Holiday traffic expected to crowd roads

Published 1:31 pm Saturday, July 4, 2009

Consider this your warning.

During the busy Fourth of July weekend, law enforcement agencies in the Roanoke-Chowan area are urging motorists to exercise caution and responsibility.

Along with the increase in traffic volume the July Fourth weekend can bring, there will be additional law enforcement officers present on the roadways looking for violations.

The Highway Patrol is currently conducting “Operation Firecracker,” which will end on July 5.

“This campaign will focus on impaired driving as well as an aggressive enforcement of all motor vehicle laws,” said Trooper J.S. Collins, Traffic Safety Information Officer with

Troop A Headquarters in Greenville. “Each year injury and death ruin many holiday plans through carelessness and poor planning.”

On a national level, troopers will be participating in “Operation C.A.R.E.” (Combined Accident Reduction Effort).

According to Collins, during last year’s July 4th period, 12 people died in motor vehicle crashes while 322 people were injured and 377 car crashes were alcohol related across the state.

Speed is the leading cause of traffic collisions and fatalities in the state, according to the North Carolina Highway Patrol.

Over the holiday, troopers will be cracking down on speeders by using LIDAR and other speed timing devices to assist them in enforcing the speed laws. Additionally, troopers will increase patrols on all interstates and major four lane highways during the holiday.

Troopers will target aggressive drivers who tend to cause the most crashes. The aggressive driver has been identified as those drivers who flagrantly violate the motor vehicle laws, including but not limited to: excessive speeding, following too closely, erratic lane changes, safe movement violations and other forms of reckless endangerment.

“Speeding drivers and unbelted occupants continue to contribute to death on our highways,” said Collins. “Drinking drivers also play a major role in holiday tragedies. If you chose to drink, then plan on having some other sober adult to drive for you.”

Collins continued by saying, physical and mental impairment caused by drinking alcohol may sometimes have subtle initial effects, but yet have devastating consequences when driving a car.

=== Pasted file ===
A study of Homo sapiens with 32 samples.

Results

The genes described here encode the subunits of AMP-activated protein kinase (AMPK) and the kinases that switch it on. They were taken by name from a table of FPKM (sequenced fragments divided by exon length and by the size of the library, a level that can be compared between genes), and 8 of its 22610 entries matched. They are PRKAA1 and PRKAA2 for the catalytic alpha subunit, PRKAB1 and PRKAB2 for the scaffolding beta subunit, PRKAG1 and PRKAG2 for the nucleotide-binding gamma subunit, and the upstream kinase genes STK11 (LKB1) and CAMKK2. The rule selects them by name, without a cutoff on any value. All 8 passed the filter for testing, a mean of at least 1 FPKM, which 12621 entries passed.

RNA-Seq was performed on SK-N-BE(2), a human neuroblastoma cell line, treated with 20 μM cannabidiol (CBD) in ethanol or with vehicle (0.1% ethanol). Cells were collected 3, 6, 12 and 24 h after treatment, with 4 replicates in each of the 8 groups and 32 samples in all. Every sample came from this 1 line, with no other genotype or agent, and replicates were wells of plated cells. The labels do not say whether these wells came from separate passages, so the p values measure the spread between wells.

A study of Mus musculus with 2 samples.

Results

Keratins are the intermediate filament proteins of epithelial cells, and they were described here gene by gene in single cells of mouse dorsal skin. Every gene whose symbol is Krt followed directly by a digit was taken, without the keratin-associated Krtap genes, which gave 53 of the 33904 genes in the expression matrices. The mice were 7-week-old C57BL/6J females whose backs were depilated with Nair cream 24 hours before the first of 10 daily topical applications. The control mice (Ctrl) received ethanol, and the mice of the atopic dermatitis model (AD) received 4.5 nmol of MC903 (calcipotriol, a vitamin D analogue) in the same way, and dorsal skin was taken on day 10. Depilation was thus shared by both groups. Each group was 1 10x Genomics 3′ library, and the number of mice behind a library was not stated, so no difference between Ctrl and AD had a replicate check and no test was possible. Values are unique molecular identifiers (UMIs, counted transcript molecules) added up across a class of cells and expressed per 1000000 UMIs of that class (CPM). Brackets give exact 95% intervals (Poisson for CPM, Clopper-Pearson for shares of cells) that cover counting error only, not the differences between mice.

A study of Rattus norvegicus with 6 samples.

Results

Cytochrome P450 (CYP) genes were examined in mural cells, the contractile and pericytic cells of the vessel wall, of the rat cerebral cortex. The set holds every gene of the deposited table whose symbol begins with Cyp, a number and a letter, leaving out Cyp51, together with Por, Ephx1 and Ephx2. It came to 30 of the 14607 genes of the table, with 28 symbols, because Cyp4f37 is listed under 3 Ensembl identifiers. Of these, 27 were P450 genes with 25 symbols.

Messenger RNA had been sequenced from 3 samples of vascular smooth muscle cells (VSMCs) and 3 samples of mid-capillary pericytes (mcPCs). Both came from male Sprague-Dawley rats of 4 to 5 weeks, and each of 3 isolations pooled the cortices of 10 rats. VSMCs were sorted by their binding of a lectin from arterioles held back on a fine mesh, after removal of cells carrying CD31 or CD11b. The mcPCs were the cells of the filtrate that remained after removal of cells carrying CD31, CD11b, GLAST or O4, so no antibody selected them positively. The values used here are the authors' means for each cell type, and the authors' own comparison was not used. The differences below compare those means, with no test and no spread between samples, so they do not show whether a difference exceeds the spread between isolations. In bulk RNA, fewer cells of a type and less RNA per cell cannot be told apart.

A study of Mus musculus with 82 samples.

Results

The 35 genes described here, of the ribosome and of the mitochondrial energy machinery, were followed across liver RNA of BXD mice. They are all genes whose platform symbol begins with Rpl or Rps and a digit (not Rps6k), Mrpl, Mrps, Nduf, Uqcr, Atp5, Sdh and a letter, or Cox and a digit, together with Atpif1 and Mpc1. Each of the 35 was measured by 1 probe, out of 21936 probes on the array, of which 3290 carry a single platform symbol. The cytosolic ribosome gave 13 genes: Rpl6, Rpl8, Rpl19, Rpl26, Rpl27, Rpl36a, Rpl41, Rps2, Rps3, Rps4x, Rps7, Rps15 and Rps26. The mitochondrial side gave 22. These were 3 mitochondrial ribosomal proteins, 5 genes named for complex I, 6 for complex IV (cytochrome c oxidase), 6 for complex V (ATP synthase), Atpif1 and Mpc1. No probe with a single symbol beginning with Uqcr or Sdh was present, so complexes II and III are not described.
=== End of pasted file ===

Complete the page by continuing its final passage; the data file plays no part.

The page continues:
“Plan ahead and don’t risk your life or the life of others,” he said “No one plans on being involved in a crash, yet each holiday there are many crashes that easily could have been prevented if only good judgment and common sense were used.”

Hertford County Sheriff Juan Vaughan urges drivers to utilize safety and common sense on the road.

“I would remind all motorists to practice the Golden Rule when driving. Be courteous and tolerant of other drivers. Please don’t get angry with bad drivers or reckless ones-just get out of their way,” said Vaughan.

He offered the following safety tips to motorists:

Always shift your attention every few seconds, constantly scanning the road ahead and behind you. Never blankly stare ahead nor fix your gaze on one point on the road.

When passing an automobile, always glance at the ground beside the front wheel of the car you intend to pass. You will know instantly if the car is about to veer-giving you an extra few seconds to respond.

You should pull out into the opposite lane of traffic when passing while you are still well behind the car in front. This should give you some time and space to build up speed and will enable you to pull back into your own lane should the need arise. Never cut abruptly out of your lane into the opposite lane when passing.

Always signal your intentions with your brake lights, turn signals, horn and/or headlights so that other drivers will see you well before you change course.

Drivers should always “aim high” in steering. That is, you should glance frequently at points well ahead of you. Not only will this help your steering, but it will also help you check the position of the vehicles in front of you as well as on-coming ones.

Never follow too close. Remember that, as your speed increases, it takes you substantially longer to stop. Also remember that it’s good to have an extra cushion of space in front of you if you’re being tail-gated, on a slippery road, or in low visibility conditions.

Citizens may report crashes, drunk drivers, stranded motorists or other highway situations to the Highway Patrol by dialing *HP (*47) on their cellular telephones.